The massive coral colony "Muga dhambi" is one of the largest and oldest of its kind in the Great Barrier Reef. (Image credit: Richard Woodgett/Grumpy Turtle)

Australian scientists have discovered one of the largest and oldest coral colonies in the Great Barrier Reef, which is the largest coral reef system on Earth.

The massive coral belongs to the genus Porites and measures 34 feet (10.4 meters) wide and 17.4 feet (5.3 m) tall, making it the widest and sixth-tallest coral in the Great Barrier Reef. Snorkelers found the record-breaking coral off the coast of Goolboodi, part of the Palm Island Group in Queensland, Australia, and they named it "Muga dhambi" — meaning "big coral" in the language of the Manbarra people, who are the Indigenous people of Palm Islands.

The researchers found that the massive coral has been around for between 421 and 438 years, meaning that it predates the colonization of Australia. The colony has survived centuries of exposure to invasive species, coral bleaching events and low tides, as well as around 80 major cyclones, the researchers said.


Researchers from NGO Reef Ecologic alongside Muga dhambi.

Researchers from NGO Reef Ecologic alongside Muga dhambi. (Image credit: Richard Woodgett/Grumpy Turtle)

Corals are colonial animals that get a majority of their energy from a symbiotic relationship with photosynthetic algae called Zooxanthellae. The colony is connected by a skeleton made out of calcium carbonate from the surrounding seawater, which slowly grows over time.

Muga dhambi's incredible girth is the result of its hard skeleton, which requires extra stability in the water, whereas more flexible soft corals require a less solid foundation

"These massive colonies grow in a hemispherical shape, likely prioritising width over height for stability," Cook said. "It is difficult for any hard coral species to grow really tall without breaking."

Other Porites corals in the Pacific grew even larger than Muga dhambi; in American Samoa, one coral colony was recorded at an astonishing 56.8 feet (17 m) wide and 39.4 feet (12 m) tall. That reef is outside of the Great Barrier Reef, but it does suggest the possibility of finding even larger Porites colonies in the Great Barrier Reef, Cook said.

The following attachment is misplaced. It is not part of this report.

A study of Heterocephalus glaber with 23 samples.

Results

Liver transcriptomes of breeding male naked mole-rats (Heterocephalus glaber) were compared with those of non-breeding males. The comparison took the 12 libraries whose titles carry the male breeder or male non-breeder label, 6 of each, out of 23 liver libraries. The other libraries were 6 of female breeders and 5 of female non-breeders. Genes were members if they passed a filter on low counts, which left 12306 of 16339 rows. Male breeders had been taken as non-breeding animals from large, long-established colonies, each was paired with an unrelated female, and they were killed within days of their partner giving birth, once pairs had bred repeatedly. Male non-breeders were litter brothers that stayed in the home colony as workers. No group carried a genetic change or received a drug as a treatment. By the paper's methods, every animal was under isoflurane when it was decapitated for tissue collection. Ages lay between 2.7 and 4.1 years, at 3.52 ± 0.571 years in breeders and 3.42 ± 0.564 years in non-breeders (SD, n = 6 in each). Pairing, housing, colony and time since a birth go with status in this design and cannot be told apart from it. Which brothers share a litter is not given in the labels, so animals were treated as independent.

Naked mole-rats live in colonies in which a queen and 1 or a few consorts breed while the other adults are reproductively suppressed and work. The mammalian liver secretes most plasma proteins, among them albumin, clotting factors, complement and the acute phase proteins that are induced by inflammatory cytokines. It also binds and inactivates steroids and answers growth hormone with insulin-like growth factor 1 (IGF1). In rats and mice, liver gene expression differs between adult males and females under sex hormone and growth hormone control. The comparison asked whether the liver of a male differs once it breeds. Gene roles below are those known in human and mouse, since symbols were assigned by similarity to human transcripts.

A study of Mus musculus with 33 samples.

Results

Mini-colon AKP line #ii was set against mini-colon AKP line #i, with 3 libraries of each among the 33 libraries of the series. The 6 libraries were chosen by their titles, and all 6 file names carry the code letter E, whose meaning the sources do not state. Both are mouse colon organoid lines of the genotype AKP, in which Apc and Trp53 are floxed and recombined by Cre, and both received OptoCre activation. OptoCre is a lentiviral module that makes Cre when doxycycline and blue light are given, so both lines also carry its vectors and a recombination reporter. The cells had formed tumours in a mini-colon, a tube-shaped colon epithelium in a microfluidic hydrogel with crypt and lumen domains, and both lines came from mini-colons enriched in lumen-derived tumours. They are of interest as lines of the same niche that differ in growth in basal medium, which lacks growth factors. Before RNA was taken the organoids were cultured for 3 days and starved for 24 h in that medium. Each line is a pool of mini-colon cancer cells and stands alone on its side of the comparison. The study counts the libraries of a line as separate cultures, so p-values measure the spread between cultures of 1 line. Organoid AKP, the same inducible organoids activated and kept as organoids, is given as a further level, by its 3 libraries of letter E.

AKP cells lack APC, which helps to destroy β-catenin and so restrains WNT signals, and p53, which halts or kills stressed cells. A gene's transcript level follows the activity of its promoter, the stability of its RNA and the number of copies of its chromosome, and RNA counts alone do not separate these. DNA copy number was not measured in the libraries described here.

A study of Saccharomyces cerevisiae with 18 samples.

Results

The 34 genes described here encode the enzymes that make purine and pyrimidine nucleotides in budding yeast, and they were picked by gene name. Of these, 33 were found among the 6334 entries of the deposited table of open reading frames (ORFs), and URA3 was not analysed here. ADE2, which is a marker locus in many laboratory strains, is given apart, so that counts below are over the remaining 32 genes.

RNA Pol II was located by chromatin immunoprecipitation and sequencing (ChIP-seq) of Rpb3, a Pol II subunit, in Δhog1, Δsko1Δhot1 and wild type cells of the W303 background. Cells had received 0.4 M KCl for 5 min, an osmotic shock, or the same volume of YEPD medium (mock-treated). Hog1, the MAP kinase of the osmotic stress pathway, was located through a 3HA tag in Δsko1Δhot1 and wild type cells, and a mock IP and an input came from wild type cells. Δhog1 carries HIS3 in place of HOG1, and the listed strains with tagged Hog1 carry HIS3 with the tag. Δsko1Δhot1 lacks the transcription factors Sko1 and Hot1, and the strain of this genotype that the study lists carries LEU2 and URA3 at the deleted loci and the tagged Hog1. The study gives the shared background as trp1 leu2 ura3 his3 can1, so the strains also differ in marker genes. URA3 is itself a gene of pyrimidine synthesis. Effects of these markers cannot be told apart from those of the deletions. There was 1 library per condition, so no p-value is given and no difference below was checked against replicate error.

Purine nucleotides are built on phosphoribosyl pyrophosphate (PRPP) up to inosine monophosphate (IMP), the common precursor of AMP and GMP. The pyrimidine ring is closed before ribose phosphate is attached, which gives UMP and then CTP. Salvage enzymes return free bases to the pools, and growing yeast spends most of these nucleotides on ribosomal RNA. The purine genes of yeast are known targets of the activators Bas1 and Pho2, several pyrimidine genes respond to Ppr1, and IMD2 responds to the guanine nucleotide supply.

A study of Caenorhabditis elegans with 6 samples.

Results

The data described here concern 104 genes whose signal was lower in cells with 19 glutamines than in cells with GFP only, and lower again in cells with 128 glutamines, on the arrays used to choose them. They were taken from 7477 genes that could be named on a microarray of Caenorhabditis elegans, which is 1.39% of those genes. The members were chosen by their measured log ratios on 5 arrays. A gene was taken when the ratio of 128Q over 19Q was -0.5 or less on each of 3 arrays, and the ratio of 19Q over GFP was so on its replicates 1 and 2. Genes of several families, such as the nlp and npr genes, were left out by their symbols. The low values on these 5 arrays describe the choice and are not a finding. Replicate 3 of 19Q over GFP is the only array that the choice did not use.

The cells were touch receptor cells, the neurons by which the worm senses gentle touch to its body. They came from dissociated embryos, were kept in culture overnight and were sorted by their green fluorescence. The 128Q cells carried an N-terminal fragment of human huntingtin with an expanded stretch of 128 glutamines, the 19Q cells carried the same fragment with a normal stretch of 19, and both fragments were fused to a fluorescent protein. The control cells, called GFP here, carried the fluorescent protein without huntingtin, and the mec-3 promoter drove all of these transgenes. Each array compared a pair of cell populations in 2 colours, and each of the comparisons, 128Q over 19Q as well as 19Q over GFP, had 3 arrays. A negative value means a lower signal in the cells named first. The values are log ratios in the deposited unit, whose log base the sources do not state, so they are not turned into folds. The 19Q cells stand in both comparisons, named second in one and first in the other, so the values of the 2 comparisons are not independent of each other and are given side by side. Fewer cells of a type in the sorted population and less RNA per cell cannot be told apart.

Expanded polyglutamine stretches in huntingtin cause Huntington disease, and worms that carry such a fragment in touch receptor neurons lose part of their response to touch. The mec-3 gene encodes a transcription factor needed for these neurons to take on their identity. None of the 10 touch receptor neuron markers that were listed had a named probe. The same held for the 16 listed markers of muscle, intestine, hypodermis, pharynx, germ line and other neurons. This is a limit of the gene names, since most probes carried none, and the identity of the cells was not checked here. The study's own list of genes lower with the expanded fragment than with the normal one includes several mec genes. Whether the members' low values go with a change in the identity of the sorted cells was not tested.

"There are many unexplored corners of the Great Barrier Reef," Cook said. "It is possible there are larger coral colonies waiting to be documented by intrepid citizen scientists."

Ancient colonies like Muga dhambi provide scientists with a rare opportunity to learn more about the reef conditions as the corals grow.

"Large coral colonies are like historical repositories holding secrets within their calcium carbonate skeletons," Cook said. Similar to taking cores of Antarctic ice sheets to see how atmospheric conditions have changed over time, it is possible to take samples of coral skeletons to see how ocean conditions on the Great Barrier Reef have changed, he added.

Unfortunately, this is only likely to confirm what scientists already know — that ocean conditions are becoming much more inhospitable to corals. 

"Corals are sensitive to environmental changes, particularly rising sea temperature," Cook said. "There has been a decline of 50% of coral cover on the Great Barrier Reef over the past 30 years," he added, making them the "canaries in the coal mine" for climate change.

Researchers remain hopeful that even if a majority of coral cover is lost, resilient colonies like Muga dhambi could continue to survive in the future. The colony is in very good health with 70% consisting of live coral and the rest being covered with sponge and non-symbiotic algae.

"Due to the increasing severity and intensity of disturbances to ecosystems worldwide, corals like this are becoming increasingly rare," Cook said. "As optimists, we hope that Muga dhambi will survive for many more years, but it will require a big change in human impacts."

The study was published online Aug. 19 in the journal Scientific Reports.

Originally published on Live Science.

Harry Baker

Harry is a U.K.-based staff writer at Live Science. He studied Marine Biology at the University of Exeter (Penryn campus) and after graduating started his own blog site "Marine Madness," which he continues to run with other ocean enthusiasts. He is also interested in evolution, climate change, robots, space exploration, environmental conservation and anything that's been fossilized. When not at work he can be found watching sci-fi films, playing old Pokemon games or running (probably slower than he'd like).